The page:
The City of Saline’s historic preservation efforts were a recurring theme at the Nov. 18 city council meeting.
The city’s Historic District Commission, which established and oversees three historic districts in Saline, appears to be rising to a challenge that threatened its state certification.
In 2018, the city learned that if it wanted to retain its historic districts, it would need to meet several demands from the Michigan’s State Historic Preservation Office. The state was asking for an ordinance review, fewer vacancies on the commission, a conflict of interest policy, continuous property surveying, more complete meeting minutes, and more prominent noting of Saline’s historic sites.
Saline is among the 20 of Michigan’s 533 villages and cities that have certified historic districts. Having a state-certified historic district can come in handy when the city applies for grants. It also grants the city unique controls over changes to structures within the districts.
Maile Weberlein, the city’s assistant treasurer, is the city’s staff liaison to the historic district commission and has been the point person on getting the HDC to state standards.
There were five corrective actions recommended after the state’s evaluation in 2019.
“We said what we’d do. The (state Historic Preservation Office) responded with guidance on the things that needed to be corrected by Dec. 31,” Weberlein said. “All of the issues have been addressed to their satisfaction.”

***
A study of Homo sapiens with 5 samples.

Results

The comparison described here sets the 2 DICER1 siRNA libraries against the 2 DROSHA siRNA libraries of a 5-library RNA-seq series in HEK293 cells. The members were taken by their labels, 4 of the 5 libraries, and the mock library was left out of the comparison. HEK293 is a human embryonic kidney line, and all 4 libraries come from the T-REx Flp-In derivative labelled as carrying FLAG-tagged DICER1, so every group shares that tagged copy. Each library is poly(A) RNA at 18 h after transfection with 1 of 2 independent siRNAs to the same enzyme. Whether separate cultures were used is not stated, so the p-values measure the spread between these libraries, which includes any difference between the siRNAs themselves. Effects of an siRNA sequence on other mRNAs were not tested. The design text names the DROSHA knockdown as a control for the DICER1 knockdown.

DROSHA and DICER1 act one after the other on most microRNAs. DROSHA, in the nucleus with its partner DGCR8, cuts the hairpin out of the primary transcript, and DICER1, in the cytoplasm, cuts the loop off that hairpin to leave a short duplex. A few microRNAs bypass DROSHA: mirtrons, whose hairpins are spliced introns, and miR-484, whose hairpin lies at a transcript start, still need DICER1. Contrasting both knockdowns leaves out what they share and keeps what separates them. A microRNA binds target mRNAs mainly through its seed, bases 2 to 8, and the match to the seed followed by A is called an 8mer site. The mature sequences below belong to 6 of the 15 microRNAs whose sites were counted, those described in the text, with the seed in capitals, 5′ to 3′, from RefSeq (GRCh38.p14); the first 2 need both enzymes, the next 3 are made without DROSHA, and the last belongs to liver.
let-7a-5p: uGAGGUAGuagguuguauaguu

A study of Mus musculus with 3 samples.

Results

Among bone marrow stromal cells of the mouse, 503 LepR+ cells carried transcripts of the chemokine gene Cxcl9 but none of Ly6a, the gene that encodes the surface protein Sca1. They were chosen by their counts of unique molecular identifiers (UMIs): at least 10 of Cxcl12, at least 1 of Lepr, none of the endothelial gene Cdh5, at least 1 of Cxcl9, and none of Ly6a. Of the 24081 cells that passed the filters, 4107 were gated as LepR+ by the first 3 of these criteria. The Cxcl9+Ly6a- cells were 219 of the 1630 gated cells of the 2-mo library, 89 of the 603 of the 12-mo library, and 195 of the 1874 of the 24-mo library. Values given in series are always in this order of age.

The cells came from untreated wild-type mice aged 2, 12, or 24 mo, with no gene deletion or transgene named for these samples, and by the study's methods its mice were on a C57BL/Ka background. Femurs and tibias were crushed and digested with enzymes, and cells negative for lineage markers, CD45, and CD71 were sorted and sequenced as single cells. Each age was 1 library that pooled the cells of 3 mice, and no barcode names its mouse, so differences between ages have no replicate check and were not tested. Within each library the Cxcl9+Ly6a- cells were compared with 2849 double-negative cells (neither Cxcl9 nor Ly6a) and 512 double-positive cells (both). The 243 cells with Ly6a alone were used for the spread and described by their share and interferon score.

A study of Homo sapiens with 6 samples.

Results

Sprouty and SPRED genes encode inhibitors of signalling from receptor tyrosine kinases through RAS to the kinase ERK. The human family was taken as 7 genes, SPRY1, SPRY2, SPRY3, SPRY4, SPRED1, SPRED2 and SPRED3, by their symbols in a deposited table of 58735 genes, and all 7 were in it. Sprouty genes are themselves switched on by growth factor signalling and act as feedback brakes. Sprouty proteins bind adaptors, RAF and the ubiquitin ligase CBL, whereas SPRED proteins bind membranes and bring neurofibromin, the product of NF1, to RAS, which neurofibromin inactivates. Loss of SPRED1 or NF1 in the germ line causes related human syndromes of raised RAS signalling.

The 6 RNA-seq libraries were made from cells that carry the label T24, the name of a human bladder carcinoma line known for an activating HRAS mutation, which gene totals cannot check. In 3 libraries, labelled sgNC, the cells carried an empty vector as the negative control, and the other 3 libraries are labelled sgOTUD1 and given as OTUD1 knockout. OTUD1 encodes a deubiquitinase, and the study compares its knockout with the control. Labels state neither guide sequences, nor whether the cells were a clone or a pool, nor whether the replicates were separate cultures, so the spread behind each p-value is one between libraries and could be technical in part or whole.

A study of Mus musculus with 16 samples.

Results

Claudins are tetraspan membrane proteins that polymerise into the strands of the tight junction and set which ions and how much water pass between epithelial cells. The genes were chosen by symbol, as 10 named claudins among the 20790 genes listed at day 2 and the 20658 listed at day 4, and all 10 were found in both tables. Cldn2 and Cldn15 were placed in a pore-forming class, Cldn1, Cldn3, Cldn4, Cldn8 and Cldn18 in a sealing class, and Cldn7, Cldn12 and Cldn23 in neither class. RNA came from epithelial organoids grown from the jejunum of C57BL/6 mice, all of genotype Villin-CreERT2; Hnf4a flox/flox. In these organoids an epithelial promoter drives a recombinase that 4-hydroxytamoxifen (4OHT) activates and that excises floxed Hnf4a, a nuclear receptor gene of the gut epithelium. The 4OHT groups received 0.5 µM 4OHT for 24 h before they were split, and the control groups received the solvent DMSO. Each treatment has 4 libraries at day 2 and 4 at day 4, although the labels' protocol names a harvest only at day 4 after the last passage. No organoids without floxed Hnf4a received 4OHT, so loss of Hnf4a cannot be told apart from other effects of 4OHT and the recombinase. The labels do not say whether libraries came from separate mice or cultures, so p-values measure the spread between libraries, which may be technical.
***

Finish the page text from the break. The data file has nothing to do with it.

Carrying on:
The city and HDC adopted a new conflict of interest policy consistent with the National Park Service’s policy.
The HDC began taking more detailed minutes in July.
The HDC developed a plan for ongoing surveys, which includes three new local historic districts. It also includes a plan for updating existing historic district records.
In other news, the city approved a request to install new signs at the city-owned Depot Museum at 402 N Ann Arbor St. Signs will be on the Depot building, on the caboose and one on the railing. The new signs are funded by the Saline Area Historical Society, which manages the city’s historic museums.
The city also approved a request to place antennas of a new internet provider on structures at the Rentschler Farm Museum and Depot Museum. A 24-inch antenna will be placed on the Rentschler Farm Museum and a 16-inch antenna on the Depot Museum. The new internet service is expected to save about $960 a year and provide better service. The city hopes better internet service might allow for security cameras to help protect the museums. Improved internet might also provide public wifi, self-guided tours and other features.